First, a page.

Page 241 - Week 01 - Thursday, 10 February 2022
MS CLAY: My question is to the Minister for Planning and Land Management. Minister, in September last year I sent you and other ministers a letter about the William Hovell Drive duplication. I raised several community concerns, including the climate impact this major road duplication has. More roads mean more cars, and that means more climate emissions. There are also scope 3 embedded emissions in roads. What work has been done through the planning process with the environmental impact statement and other tools to assess the full climate impact of the William Hovell Drive duplication?
MR GENTLEMAN: I thank Ms Clay for the question. It is an important one as we go forward looking at reducing emissions across the territory and moving to zero emissions at some point into the future. It is one that is considered by the planning authority whenever they look at an environmental impact study. In particular, they are looking at one at the moment for William Hovell Drive, so unfortunately I will not be able to comment any further on that piece of work. But I can tell the Assembly that generally the EPSDD directorate looks at emissions for future planning for Canberra and, indeed, so do we as a cabinet.
I brought to the cabinet in 2018 the minister’s statement of planning intent looking at the future direction of planning for the ACT. Of course, this is where we have moved our direction from urban sprawl into a denser city along transport corridors and around town centres. This means, of course, that we can address transport emissions and those that are embedded in the construction of roads into the future and reduce those wherever possible.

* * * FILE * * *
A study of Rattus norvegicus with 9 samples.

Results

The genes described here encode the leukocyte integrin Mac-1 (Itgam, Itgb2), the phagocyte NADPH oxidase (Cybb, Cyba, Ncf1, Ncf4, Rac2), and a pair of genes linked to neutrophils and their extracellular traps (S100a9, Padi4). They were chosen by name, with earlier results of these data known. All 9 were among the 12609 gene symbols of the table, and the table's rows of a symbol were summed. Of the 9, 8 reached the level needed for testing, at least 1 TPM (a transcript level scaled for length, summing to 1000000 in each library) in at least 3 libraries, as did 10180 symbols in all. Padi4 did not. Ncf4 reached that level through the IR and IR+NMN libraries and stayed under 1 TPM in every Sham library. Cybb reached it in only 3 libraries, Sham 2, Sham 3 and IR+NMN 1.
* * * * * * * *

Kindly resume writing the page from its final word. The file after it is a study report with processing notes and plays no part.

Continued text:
MS CLAY: Will the new planning system consider our emissions reduction targets and ensure scope 1 and scope 3 emissions are factored into all of our decision-making on development?
MR GENTLEMAN: I am proud of the steps that we have taken to ensure we are building a sustainable city and the transition that is occurring towards zero net emissions, as I mentioned. We do this in a sensible way that protects and grows jobs as well. The new reform for the planning act will indeed look at this subject. For example, where an EIS is required for a project, information needs to be provided on how the proposal will reduce the risk from climate change impacts and include proposed adaptation measures to reduce vulnerability and increase resilience on the community in the territory, particularly in extreme events of heatwaves, droughts, storms, flash flooding and bushfires as well. We are embedding that in the planning system for future decisions.
On scope 3, the best efficient way to account for the impacts of climate change and to achieve zero net emissions is by pricing carbon nationally. Unfortunately, the federal Liberals are hopeless at this. In their absence, this Labor government has been acting. We have been leading the action at the sub-national level to ensure that we fight hard to tackle climate change into the future, and the planning system changes are playing that role.